The World’s Ransoming
The Seas of Kirk Swarf [London premiere]
Symphony No.7 in C, Op.105
Helen Scarbrough (cor anglais)
Thomas Lessels (bass clarinet)
City Side Sinfonia
Reviewed by: Colin Anderson
Reviewed: 10 January, 2008
Venue: St John's, Smith Square, London
This ambitious programme was framed by two of Sibelius’s masterworks. Tapiola began in too temperate a fashion, but silences were potent, the strings – partly due to less personnel than is usual – sounding unusually (and ear-catchingly) plaintive. Ominous clouds did gather, however, and the performance gained entry to the ‘twilight zone’, Steven Joyce – all of his gestures serving the music and the needs of his players – underlining the ‘fantasia’ aspects of Tapiola rather than the ‘symphonic’ ones. Woodwinds and brass were impressive, both in character and togetherness – the strings, while hard-working, did not always agree on unity or tuning. Joyce led a spacious account (nearly 20 minutes) but one imbued with climactic surety if not the ultimate in tempestuousness or final radiance.
It was though an absorbing realisation, as was the Seventh Symphony, an account that confirmed the excellence of winds and brass – not least Richard Watkin’s noble trombone solos – and if the strings’ internal correlation was not as exacting, there was a gratifying ‘pure beauty’ to Sibelius’s polyphony emanating from what here were solo lines. Joyce’s largesse with this concentrated work was gratefully heard and if there was a lack of tension at times there was also a gathering sense of culmination that was satisfyingly delivered.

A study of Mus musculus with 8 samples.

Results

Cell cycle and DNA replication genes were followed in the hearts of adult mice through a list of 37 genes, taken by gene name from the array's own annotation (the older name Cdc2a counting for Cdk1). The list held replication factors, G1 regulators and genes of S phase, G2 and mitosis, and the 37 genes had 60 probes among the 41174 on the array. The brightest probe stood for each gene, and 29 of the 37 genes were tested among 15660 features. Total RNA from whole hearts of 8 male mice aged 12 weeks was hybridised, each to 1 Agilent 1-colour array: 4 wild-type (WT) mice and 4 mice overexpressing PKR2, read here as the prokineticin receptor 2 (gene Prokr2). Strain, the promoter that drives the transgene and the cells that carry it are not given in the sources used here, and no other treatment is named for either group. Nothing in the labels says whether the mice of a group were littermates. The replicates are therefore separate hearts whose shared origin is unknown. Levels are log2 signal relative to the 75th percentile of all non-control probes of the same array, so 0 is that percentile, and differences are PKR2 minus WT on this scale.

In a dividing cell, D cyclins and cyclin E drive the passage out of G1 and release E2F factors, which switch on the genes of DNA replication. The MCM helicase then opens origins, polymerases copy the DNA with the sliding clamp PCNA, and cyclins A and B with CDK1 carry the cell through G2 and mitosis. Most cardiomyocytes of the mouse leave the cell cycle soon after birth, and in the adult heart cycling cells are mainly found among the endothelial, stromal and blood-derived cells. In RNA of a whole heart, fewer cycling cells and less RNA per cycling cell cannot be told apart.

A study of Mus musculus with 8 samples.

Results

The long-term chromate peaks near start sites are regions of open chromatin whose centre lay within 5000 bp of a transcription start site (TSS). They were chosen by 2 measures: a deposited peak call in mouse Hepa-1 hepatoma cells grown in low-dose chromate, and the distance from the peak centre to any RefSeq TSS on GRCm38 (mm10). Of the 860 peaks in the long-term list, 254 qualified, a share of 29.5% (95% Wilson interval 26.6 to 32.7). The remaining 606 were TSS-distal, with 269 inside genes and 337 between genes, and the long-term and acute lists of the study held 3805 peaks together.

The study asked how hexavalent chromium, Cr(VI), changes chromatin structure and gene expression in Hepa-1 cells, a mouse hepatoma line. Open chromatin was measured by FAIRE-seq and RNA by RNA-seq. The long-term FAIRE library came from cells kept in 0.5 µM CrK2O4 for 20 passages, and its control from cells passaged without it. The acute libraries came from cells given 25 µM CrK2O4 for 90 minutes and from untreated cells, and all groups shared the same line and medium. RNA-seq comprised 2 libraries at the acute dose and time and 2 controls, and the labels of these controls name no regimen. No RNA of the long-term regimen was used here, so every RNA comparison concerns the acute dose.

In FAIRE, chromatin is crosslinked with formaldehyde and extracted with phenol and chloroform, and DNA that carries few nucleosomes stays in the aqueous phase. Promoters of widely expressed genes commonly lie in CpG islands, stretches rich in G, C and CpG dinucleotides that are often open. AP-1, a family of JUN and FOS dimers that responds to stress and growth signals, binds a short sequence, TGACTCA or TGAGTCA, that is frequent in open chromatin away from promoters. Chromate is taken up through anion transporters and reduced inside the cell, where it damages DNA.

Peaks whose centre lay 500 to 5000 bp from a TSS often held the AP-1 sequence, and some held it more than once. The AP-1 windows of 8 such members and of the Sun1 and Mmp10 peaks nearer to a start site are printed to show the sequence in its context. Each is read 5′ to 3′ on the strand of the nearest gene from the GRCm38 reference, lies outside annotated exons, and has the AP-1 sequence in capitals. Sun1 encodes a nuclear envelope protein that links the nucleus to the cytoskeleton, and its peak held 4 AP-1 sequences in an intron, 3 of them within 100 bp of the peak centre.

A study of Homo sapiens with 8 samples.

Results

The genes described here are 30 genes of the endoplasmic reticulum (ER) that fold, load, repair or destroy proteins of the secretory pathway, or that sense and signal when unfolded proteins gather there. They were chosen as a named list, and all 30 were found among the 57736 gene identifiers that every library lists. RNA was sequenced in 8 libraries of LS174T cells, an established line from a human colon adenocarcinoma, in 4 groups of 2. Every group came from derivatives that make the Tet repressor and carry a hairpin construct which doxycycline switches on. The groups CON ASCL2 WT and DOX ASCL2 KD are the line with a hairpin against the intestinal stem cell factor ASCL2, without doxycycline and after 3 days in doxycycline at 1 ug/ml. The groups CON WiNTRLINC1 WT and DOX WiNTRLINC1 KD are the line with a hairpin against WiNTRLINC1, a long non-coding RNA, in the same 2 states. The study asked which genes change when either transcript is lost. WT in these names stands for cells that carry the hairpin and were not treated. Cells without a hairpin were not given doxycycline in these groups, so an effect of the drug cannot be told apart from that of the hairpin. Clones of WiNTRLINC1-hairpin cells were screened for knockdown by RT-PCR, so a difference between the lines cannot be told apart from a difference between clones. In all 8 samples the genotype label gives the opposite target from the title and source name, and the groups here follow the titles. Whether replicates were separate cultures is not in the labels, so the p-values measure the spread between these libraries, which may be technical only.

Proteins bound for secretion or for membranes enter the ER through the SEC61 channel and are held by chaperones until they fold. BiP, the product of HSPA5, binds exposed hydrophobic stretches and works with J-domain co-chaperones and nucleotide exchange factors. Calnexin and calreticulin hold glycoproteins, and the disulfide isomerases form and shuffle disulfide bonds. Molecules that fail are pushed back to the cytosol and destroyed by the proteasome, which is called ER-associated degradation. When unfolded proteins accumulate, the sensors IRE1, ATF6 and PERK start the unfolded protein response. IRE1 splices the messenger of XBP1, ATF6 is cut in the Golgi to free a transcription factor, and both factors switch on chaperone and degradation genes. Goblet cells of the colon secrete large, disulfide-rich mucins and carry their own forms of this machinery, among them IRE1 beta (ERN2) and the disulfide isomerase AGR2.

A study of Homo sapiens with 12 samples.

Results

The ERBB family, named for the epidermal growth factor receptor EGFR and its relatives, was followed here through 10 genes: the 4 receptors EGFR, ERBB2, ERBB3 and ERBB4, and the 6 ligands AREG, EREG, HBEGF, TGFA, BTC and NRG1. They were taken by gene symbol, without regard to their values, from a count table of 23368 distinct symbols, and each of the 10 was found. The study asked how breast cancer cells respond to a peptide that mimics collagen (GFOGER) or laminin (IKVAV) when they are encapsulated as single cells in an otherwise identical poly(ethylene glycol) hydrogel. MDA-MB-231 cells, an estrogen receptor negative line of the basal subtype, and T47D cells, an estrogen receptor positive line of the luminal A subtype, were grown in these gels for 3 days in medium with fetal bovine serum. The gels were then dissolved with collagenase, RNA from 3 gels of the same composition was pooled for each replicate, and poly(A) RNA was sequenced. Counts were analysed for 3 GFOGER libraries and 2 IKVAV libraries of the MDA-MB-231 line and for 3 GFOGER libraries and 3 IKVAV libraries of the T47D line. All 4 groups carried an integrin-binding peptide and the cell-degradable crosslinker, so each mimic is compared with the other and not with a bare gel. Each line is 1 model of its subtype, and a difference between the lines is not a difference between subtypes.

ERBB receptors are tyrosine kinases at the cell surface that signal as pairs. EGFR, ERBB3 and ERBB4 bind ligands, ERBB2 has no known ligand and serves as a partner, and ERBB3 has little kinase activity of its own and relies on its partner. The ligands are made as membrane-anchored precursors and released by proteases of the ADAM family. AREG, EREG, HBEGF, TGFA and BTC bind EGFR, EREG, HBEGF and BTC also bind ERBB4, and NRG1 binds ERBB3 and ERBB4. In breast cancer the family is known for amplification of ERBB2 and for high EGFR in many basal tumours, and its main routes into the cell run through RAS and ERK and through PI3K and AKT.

The World’s Ransoming (1996) – the first part of ‘Easter Triduum’ (which includes MacMillan’s Cello Concerto and Symphony: Vigil) – is one of James MacMillan’s stronger works. While there is a strong emotional core to his work, there is also a suspicion of throwing too much in, almost as a distraction. Only a few days ago in London the composer conducted the National Youth Orchestra in Vigil and LSO Live has just issued The World’s Ransoming (conducted by Colin Davis) – both reviewed on Classical Source – so this account of The World’s Ransoming came at a time of concentrated exposure for the composer. While questioning if Helen Scarbrough should have assumed a soloist’s position, standing at the front of the platform – my understanding is that the songful lament and increasing agitation of the cor anglais should be heard from within the orchestra – she was certainly a sensitive advocate with the orchestra committed and attuned to MacMillan’s particular brand of mixing plainsong, chorale and violent catharsis.
Peter Maxwell Davies’s familiar ‘gestures’ are also prominently displayed in The Seas of Kirk Swarf, for bass clarinet and strings. First heard during last year’s St Magnus Festival, this second performance made a big impression, the seated Thomas Lessels (there is no other choice given the curvaceous length of this particular instrument) producing sepulchral tones amidst the star-encrusted, vigorous and expressive writing for strings. Whether dancing with diaphanous textures or setting up tension, the strings are the catalyst to the dramatic sea-based narrative to which the soloist’s envoi is a slow Scottish folk-tune, fully and ‘natively’ stated – to haunting effect. The score advises an 11-minute time-span; this performance took 15 and was convincing. Certainly the keenly listening composer seemed delighted.